I tried to call a woman near Carrick on Shannon. I’d been given her name by a friend but the one thing we never mastered were the phones. It was a phone booth on the street. I tried punching the number. I tried putting money in. I tried various buttons on the phone and only got the long distance operator who I couldn’t hear anyways for all of the traffic. So we never did see Bee, but then we didn’t pass through her area. Of course in retrospect, it was probably only a half hour from where we did drive.
Slieve League was past Killybegs, a small fishing town west of Donegal. We drove out and it was a meandering drive along or near part of the coast. This is tweed country; lots of sheeps and a few tweed shops that we stopped in, partially for directions. So we drove and drove and weren’t sure if we there so we asked a man, dressed in that classic Irish farmer attire of cap, tweed jacket, baggy pants and wellies In Ireland the standard greetings is “How are you doing?” This man was walking along the small village road. I believe there might have been a total of 20 cottages at most and it was at the end of nowhere. I don’t know if that was Killybegs or not. I think not but I don’t know what that village was called.
He said we were on the right road for Slieve League and as it turned out it was only about five minutes past that village, and dead ended there. We were high on cliffs and below was a long reddish sand beach. It was a long hike down the stairs and would have been a long sweat up. We didn’t go down as it was getting late in the day. We could see a couple of people sunbathing down there.
As we drove back we found the sign to the Bunglass Cliffs. Since the guy at the tweed shop had mentioned them we decided to go check them out. I’m sure if my sister realized what we were getting into she would have run screaming.
We drove through a village as tiny as the one at Slieve League, passing dogs, goats and chickens all running about the road. We rounded a corner where the family working in their yard kind of stared at us like we were mad. Then began the ascent. I’ve lived in BC and Alberta all my life. We have mountains, the Rockies, and some mountain roads are treacherous switchbacks. This was something else.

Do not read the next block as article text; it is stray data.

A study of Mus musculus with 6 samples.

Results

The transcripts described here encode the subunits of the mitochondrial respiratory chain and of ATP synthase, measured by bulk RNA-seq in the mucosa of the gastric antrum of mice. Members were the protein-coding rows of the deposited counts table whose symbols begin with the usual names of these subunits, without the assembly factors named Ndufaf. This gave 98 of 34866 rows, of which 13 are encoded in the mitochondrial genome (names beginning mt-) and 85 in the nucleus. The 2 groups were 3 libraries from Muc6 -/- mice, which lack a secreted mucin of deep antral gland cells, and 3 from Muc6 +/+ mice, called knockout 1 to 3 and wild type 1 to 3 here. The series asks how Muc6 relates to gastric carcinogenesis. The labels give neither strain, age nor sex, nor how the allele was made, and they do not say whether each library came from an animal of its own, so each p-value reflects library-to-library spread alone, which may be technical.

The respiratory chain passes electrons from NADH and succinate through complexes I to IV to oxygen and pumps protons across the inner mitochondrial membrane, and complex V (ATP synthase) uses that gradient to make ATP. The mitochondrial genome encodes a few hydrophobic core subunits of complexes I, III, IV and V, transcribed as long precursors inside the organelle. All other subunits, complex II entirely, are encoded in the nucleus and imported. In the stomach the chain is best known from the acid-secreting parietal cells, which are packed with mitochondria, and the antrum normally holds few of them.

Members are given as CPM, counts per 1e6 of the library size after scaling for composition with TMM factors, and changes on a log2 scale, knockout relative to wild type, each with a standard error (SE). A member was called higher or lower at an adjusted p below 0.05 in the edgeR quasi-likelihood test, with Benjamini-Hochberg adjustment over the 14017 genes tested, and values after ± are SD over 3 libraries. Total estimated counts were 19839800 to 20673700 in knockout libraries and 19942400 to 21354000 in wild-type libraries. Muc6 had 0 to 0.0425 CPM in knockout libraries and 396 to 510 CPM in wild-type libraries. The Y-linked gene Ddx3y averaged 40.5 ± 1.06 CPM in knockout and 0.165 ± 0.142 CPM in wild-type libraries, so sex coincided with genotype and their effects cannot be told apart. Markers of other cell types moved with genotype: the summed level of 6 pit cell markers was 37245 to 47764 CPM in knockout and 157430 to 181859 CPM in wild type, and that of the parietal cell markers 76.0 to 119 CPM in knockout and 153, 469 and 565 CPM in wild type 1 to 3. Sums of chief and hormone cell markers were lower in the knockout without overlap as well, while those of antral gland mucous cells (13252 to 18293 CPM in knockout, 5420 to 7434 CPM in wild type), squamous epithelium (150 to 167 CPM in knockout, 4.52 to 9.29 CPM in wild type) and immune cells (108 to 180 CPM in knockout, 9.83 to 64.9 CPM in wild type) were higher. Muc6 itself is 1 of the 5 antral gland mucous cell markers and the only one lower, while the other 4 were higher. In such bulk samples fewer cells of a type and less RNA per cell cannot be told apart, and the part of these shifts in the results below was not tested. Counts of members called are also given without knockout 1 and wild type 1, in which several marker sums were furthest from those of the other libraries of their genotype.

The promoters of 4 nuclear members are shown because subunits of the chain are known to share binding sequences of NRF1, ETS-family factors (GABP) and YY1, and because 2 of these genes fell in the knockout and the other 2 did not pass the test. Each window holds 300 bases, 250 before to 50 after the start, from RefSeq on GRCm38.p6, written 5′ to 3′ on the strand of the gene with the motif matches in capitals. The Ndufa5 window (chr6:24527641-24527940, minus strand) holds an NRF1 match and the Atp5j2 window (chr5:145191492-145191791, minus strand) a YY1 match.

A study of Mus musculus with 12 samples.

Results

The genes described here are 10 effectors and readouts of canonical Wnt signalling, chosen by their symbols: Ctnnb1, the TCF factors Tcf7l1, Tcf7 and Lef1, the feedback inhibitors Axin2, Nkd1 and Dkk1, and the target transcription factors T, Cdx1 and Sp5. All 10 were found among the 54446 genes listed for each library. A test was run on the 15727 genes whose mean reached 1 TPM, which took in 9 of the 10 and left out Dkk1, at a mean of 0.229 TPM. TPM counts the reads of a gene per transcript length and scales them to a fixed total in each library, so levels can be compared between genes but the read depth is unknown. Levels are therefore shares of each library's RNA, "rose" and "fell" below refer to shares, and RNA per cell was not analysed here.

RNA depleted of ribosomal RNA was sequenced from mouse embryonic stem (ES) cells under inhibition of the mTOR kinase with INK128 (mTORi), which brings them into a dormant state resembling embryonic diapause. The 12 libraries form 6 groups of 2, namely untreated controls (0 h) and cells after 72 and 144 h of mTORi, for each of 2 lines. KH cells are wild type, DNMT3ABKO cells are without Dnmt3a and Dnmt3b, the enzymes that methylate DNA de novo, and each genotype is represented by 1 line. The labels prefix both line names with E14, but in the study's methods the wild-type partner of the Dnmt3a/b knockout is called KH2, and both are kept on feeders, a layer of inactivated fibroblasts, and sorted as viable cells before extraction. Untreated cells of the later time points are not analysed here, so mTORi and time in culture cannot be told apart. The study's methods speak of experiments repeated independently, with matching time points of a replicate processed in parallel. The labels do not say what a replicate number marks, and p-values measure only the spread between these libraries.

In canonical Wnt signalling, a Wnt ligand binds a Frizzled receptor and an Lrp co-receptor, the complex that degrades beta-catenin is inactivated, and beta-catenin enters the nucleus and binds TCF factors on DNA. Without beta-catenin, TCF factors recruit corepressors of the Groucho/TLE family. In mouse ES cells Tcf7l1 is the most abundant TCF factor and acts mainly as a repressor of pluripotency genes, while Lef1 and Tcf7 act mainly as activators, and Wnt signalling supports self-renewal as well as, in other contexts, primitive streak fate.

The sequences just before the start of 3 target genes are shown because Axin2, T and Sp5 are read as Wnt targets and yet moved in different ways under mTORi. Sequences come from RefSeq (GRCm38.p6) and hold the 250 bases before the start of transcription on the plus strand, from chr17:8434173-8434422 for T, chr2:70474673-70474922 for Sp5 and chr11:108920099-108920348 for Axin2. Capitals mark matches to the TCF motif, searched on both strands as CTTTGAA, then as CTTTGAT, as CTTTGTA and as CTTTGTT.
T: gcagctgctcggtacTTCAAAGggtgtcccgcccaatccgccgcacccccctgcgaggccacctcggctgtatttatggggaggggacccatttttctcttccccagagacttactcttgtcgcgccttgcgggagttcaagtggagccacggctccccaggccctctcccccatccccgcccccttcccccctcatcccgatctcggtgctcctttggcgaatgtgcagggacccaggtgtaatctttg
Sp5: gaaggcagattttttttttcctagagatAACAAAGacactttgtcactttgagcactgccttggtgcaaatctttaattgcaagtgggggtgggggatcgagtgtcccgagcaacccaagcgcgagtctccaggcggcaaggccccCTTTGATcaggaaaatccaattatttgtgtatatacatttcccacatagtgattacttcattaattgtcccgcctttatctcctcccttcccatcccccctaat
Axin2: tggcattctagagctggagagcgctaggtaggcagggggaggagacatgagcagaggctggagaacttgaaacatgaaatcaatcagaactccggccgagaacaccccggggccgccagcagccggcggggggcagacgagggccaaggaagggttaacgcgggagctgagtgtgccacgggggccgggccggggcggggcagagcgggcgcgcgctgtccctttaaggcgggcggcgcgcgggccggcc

At first it wasn’t too bad but then it wound higher and higher. And then we were on a hairpin where you looked across to the other side of the hairpin (about 75 feet away) with nothing but cliffs down the curve. My sister, who is terrified of heights, said not a word, breathing heavily and grasping the car door handle so tight I thought she’d take it off. I could hear it squeaking but didn’t dare look. And she was on the outside edge.
It was in fact fairly treacherous. I was only going about 5km and if we’d met someone coming the other direction, I’m not sure what we would have done as the road wasn’t big enough for two. Then there were the spot where suddenly we were looking straight at the sky. The car was at more than a 45 degree angle facing up. I had to take it on faith that there was road on the other side and crept over the edge. We didn’t stay up there very long. My sister was a bit too nervous and once you saw the view in a few moments (and the sheep) there wasn’t much else to do. However, the Bunglass Cliffs are the highest cliffs in all of Europe so my sister had a right to be nervous with the height. And I have to say my heart was beating a little fast on the way up. It was easier going down and a pretty good view.
Names like slieve, killy, kil, bally, carrow, bun all mean something specifically in Gaelic, such as hill or bay or mound or… I have no idea what Killybegs meant or Slieve League but there are a few place names that have the similar beginning.
|Ireland 2007–Slieve League & Carrowmore|
We then started beetling south to outside of Sligo. We wanted to do the Carrowmore passage tombs and thought we would go that far for the night and have a head start in the morning. Regretfully I saw nothing of Galway. We made an error this night by being far too late in travelling. It was dark by the time we ended up in the vicinity and I think we were near Lough Arrow (lough means lake) because there was coast on one side. But it was so dark we couldn’t see a B&B anywhere and finally found a small pub/tavern with rooms upstairs. It was dirty and cold (no heat), the shower didn’t work in my sister’s room and the rooms were so small we had to lift our suitcases over the bed. We did find a little restaurant farther in (if we’d known we could have checked that area for rooms) that had fairly good food. Many places did a combo course of appetizer and/or dessert plus a main course, so for 25 euros it was okay. The food was decent too but never that cheap in Ireland.
In the morning, Wednesday, we trotted off to Carrowmore and with the customary few wrong turns (though not many) found Carrowmore just as it was opening. It rained quite heavily while we were walking through the fields. These are small mounds or rings of rocks, and a few dolmen tombs. Not as impressive of Newgrange, still I found it interesting and the number of graves brought such a sense of time and history. We finished in under two hours, soaked to our knees, so we changed in the bathroom and then drove on. This was the wettest day we had in Ireland and we dropped Queen Maeve’s tomb from the walks as it would have been 45 minutes slogging through the rain.
Still, overcast sky and the wet gave very rich color to all of the photos.